The Vatican is literally falling apart after Pope Francis allegedly said: ‘Hell does not exist’. Just hours after the Pope reportedly dismissed the fiery afterlife, the ceiling of St Peter’s Basilica began to crumble.
Easter worshippers ducked for cover as debris rained down on the floor by Michelangelo’s Pieta statue on the eve of Good Friday.
The Vatican reported no injuries and minimal damage. It was just after a spokesman strenuously denied that the Roman Catholic Church was changing its tune over the afterlife.
‘No words in quotation marks should be considered as a faithful transcription of the Holy Father’s words,’ a Vatican spokesman said.
The controversy follows Francis’ interview with a 93-year-old atheist Eugenio Scalfari. The veteran journalist appeared to suggest Francis had abolished the idea of Hell from Catholic doctrine in his report for La Repubblica, the daily newspaper he founded.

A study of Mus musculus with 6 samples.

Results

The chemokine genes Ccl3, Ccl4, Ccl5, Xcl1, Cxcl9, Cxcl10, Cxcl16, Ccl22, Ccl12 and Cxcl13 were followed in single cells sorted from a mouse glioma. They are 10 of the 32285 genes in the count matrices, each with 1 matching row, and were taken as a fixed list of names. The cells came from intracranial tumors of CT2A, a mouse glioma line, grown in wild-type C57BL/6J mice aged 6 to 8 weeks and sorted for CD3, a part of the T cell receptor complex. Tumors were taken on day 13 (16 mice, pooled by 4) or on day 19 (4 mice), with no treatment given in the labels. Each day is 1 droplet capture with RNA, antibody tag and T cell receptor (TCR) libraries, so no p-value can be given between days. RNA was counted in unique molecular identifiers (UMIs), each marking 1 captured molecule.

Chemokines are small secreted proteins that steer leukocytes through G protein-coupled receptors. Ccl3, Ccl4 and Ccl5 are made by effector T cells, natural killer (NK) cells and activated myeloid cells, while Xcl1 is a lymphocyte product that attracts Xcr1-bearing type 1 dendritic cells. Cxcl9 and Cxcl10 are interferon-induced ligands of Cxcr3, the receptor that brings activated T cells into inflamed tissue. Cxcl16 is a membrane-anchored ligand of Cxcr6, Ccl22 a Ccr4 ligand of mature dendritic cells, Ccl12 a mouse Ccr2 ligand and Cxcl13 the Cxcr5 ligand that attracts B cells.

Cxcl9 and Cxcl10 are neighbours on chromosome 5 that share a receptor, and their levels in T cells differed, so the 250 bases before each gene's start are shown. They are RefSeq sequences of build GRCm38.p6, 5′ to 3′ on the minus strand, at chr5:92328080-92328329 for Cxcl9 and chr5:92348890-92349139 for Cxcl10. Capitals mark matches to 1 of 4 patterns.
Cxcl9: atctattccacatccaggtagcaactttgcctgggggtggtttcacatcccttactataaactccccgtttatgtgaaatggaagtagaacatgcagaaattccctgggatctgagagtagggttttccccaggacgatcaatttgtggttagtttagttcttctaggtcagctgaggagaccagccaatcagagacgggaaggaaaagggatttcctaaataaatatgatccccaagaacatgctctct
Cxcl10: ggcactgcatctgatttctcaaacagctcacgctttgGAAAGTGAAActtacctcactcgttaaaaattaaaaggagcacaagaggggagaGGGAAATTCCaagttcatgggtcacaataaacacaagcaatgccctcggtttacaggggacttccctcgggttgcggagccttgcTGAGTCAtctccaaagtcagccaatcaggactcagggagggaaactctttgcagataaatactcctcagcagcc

Instead, the Pope allegedly said the souls of the unrepentant will simply disappear forever and go unpunished.
Mr Scalfari’s report has been thrown into doubt as he admitted their conversation was reconstructed from memory as he doesn’t take notes or recordings.
‘They are not punished, those who repent obtain the forgiveness of God and go among the ranks of the souls who contemplate him,’ Francis reportedly said.
‘But those who do not repent, and therefore cannot be forgiven, disappear.’ For centuries, traditional Catholic doctrine has told followers that those who die in a state of mortal sin will land themselves in Hell’s ‘unquenchable fire’.
The Vatican issued a statement after the comments spread like wildfire on social media. They saying the pope never granted the interview and the story was “the result of (the reporter’s) reconstruction.” not a “faithful transcription of the words of the Holy Father.”
Scalfari, an atheist, is known for not using tape recorders or taking notes during interviews.